This coaching service aims to support participating scientists in their career decisions by providing an outside perspective. It also seeks to advise them on a third-party funding strategy and, if applicable, provide them with feedback on an application exposé. The goal here is not to provide an assessment of the subject and content matter, but to offer targeted feedback on the structure, development, and formal aspects of the research exposé from a generalist evaluator’s perspective.
Important elements of the coaching sessions include:
- Developing short and medium-term career goals and a long-term career plan
- Using these goals to determine an appropriate funding profile
- Providing résumé feedback
- Reviewing research proposals from an evaluator’s perspective (if applicable)
About the coach:
Dr. Beate Scholz is the managing director of Scholz CTC GmbH, where she works with various international universities, research institutions, and scientific organizations as a strategy consultant, moderator, instructor, and coach. She also has twelve years of experience at the German Research Foundation (DFG), where she worked until summer 2009. Beate Scholz played a key role in developing the Graduate Schools program as part of the Excellence Initiative. She gained extensive operational and evaluation experience through managing the Research Training Groups program and European Young Investigator Award, and created an international strategy platform – the European Network for Research Careers – that promotes exchange and joint initiatives between international scientific organizations.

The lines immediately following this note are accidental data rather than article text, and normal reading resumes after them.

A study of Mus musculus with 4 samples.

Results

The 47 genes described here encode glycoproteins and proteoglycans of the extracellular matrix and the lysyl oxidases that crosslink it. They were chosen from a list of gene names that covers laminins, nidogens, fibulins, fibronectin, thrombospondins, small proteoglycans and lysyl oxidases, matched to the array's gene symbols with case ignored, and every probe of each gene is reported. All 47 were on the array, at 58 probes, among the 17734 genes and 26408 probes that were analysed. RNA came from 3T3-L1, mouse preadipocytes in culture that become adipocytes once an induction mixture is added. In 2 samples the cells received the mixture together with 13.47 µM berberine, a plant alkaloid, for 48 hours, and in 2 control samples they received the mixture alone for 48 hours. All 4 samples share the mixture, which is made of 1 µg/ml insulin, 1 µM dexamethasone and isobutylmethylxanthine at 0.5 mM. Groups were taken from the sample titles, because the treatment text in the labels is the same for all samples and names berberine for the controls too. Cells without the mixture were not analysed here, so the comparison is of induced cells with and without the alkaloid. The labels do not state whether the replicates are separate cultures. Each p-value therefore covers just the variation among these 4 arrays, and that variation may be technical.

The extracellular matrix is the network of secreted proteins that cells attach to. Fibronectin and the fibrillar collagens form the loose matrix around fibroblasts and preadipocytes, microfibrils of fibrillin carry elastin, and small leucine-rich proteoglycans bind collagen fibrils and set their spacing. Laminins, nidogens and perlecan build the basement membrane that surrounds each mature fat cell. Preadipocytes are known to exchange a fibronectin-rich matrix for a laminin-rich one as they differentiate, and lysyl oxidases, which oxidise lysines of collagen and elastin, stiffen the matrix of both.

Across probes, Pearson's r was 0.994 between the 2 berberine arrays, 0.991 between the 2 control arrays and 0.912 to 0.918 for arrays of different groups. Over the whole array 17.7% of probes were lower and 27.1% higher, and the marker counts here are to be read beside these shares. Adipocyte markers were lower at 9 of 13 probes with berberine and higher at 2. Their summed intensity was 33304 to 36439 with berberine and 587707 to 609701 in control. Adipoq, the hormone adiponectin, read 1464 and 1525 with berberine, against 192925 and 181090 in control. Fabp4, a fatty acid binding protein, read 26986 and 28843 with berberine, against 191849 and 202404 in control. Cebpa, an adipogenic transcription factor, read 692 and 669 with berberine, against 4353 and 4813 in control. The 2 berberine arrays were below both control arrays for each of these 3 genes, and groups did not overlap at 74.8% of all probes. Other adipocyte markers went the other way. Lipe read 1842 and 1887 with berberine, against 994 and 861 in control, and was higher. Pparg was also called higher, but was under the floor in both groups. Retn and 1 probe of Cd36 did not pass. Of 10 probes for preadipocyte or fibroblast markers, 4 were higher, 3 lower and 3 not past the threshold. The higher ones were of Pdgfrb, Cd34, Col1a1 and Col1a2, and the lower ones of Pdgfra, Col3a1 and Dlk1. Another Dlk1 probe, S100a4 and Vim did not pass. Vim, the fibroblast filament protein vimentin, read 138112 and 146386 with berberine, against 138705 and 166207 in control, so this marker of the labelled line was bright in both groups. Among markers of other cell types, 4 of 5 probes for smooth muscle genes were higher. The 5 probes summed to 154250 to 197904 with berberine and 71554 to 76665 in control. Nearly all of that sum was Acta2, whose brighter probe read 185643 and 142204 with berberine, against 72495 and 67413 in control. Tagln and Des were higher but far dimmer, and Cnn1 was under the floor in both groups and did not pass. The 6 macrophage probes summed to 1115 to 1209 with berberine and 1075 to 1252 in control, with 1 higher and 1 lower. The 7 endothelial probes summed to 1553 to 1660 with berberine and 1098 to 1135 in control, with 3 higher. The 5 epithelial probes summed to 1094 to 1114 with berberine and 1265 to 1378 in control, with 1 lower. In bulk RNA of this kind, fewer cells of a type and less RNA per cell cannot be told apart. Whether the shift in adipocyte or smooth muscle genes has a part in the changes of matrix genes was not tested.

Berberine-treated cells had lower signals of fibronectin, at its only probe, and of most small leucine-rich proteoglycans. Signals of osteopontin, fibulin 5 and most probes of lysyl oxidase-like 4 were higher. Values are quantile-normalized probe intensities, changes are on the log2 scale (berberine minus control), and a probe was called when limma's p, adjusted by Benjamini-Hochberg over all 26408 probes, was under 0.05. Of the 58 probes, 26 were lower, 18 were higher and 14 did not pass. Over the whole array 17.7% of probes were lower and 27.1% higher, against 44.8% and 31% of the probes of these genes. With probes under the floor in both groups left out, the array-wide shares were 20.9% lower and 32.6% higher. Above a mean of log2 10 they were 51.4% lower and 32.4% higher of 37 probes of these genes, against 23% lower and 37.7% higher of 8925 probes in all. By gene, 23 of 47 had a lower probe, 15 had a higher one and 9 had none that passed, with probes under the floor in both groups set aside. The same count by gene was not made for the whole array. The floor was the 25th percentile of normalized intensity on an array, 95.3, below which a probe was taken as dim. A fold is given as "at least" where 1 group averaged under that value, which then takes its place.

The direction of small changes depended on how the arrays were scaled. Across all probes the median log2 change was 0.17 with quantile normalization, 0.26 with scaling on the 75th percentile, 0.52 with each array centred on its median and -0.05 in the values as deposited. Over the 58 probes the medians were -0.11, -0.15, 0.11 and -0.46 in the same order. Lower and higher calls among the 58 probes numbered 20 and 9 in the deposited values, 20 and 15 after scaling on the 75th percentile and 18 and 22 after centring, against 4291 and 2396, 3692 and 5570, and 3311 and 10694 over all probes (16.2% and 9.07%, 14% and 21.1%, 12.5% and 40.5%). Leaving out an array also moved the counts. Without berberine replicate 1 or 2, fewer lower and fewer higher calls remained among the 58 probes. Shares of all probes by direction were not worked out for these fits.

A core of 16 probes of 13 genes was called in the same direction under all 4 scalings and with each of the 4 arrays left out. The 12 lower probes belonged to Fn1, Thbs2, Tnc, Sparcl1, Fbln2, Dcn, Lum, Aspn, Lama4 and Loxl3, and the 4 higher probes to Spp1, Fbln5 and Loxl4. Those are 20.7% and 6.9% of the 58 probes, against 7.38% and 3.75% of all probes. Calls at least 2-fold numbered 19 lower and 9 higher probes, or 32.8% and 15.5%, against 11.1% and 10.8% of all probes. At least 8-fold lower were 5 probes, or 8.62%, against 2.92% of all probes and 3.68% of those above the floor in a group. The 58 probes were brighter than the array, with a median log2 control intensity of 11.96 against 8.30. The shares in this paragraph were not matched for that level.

We chose the word women* in order to encompass women, as well as trans*, inter*, non-binary and queer folk, who choose to identify with womankind. There is a live debate in society right now regarding whether inclusion within the category of ‘woman’ is a matter of biological sex, or gender. To put it simplistically, if being a woman relates to sex, this limits the opportunities for those who were not born female to self-identify as a woman. If being a woman is a matter of gender identity, this widens the opportunity for individuals to self-define as a woman, regardless of their appearance, the sex in which they were born, or other characteristics.